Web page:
Friday Not-Fave: The Picture of Dorian Gray, by Oscar Wilde
Updated: Nov 26, 2019
Dorian Gray is an exceptional young man who enamours everyone he meets with the air of innocence and purity belied by his beauty. And indeed, until he meets Lord Henry Wotton, he is boyishly innocent, the perfect subject for a perfect portrait that his artist friend, Basil, creates in his honour.
But when Lord Henry informs him that his beauty will not last—that he is destined for inevitable age and ugliness—Dorian cannot bear the thought of the beautiful painting outlasting him. In a fit of passion, he wishes for the picture to take on the ugliness of time and sin while he remains forever young and outwardly pure.
When his wish is realized, it opens the door to a secret life of depravity hidden beneath a gentleman's face. It almost seems as if he can escape the cost of sin . . . but though Dorian may fool the world, he cannot fool the painting.
I'll start by stating the cold hard truth: I would recommend this book to a scant and select few. In fact, for the vast majority of the story, I was grappling with the sheer immorality of the protagonist and the ethical ambiguity of the book's prominent characters. In selling his soul for eternal youth, Dorian seems to escape scot-free from the costs of sin. He remains young, beautiful, and innocent to the eye, allowing him to roam all avenues of wickedness and pleasure in a Godless, virtueless lifestyle.
I was distressed, truth be told, and not only by Dorian, but by the false philosophical spoutings of Lord Henry as well, whose toxic influence first exposes Dorian to the downward spiral of self-indulgence, idolatry, and sin. Interestingly, I saw a parallel between these characters and the account of Eve in the Garden. Young Dorian is innocent and happy in his life until a serpent-like Lord Henry comes and hisses in his ear, shattering his purity with thoughts and desires of greed and selfish pleasure.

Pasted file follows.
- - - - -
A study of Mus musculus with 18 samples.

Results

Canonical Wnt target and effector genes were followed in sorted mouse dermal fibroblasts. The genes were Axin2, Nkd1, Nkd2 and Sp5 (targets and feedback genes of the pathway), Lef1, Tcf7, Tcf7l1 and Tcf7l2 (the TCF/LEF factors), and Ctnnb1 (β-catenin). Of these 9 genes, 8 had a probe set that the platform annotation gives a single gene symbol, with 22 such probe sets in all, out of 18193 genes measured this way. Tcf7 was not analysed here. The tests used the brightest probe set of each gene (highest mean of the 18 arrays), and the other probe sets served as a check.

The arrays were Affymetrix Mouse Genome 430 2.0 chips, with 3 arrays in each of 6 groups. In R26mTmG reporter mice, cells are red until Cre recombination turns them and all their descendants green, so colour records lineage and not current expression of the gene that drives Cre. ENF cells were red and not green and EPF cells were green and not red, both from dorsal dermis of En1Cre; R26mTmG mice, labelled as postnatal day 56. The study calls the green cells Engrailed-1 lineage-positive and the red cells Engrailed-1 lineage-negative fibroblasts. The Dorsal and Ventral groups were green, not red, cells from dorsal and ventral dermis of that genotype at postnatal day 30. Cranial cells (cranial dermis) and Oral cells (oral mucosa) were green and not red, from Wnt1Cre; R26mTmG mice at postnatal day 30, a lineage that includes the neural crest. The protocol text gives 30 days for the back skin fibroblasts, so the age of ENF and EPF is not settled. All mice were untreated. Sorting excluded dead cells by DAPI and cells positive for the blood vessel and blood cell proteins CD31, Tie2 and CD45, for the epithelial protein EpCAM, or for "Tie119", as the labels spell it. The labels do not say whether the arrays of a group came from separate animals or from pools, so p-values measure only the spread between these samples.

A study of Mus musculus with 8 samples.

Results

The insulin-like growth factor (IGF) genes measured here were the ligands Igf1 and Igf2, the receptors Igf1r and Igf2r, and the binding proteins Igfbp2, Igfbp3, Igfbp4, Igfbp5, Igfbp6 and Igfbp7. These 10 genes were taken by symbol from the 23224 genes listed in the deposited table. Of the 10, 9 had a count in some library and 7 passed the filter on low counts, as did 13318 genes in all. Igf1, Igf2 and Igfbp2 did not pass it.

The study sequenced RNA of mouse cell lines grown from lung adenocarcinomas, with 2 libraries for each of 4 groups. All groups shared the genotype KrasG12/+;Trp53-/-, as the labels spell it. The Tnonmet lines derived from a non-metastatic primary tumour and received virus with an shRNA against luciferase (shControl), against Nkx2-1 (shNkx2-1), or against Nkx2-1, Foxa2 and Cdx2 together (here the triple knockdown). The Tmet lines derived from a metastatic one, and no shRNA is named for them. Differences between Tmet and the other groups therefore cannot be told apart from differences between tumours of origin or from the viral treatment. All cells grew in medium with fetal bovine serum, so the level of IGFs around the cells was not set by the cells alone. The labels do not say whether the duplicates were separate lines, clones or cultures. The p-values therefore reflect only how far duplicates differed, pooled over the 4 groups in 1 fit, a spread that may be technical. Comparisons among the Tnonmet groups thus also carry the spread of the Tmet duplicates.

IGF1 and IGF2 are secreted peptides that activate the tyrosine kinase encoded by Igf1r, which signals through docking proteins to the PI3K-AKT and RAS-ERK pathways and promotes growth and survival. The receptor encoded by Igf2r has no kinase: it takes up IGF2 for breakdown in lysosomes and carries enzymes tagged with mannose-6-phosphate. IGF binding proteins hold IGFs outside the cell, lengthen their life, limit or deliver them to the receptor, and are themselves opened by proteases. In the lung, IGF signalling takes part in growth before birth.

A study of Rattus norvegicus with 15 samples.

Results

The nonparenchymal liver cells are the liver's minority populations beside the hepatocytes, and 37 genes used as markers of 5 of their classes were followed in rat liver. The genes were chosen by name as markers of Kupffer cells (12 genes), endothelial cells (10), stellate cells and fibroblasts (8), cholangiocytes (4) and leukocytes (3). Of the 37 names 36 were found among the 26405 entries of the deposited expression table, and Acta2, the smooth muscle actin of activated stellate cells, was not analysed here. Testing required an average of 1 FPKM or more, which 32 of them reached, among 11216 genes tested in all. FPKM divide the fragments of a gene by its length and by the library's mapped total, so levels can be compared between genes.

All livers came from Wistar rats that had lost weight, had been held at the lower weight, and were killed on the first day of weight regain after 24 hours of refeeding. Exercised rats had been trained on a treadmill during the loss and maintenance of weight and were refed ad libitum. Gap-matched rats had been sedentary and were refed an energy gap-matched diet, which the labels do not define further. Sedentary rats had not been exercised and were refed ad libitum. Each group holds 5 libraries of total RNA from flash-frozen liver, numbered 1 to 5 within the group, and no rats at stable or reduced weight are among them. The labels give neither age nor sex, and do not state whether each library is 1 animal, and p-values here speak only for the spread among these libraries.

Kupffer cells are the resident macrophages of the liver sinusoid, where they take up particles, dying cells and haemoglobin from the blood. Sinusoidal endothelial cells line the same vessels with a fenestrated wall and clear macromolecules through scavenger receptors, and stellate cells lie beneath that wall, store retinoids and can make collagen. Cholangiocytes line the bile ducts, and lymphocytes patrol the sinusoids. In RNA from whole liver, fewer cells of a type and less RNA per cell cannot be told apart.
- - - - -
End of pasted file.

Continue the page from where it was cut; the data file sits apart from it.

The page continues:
There was no going back. Dorian's story is a slow-starting landslide that builds momentum as the plot progresses, until even he is sick with himself but unable to break free of his own evil ways. We see a troubling snowball effect of escalating sin upon sin, and though the plot itself wallows in a mire of poisonous false teachings, the underlying theme rings true: sin comes with a cost.
There are a handful of redeeming qualities. For one, the book is skilfully, eloquently written. It does feature one character who, for the most part, is morally sound, and presents a much-needed voice of virtue to counter the opposite views. Dorian displays at times a seemingly-genuine desire to reject immorality in favour of goodness, though, admittedly, his sincerity in those moments is at times . . . questionable. It's also worth mentioning that Oscar Wilde doesn't show immorality explicitly—he makes it clear that the characters are living depraved lives and hints at the forms it might take, but achieves the effect through suggestion and allusion.
The greatest redeeming quality of this novel, however, is the theme that soars above the moral vacuum—loud, clear, crucial, and tinged with tragedy—the inescapable reality of the grave price of sin.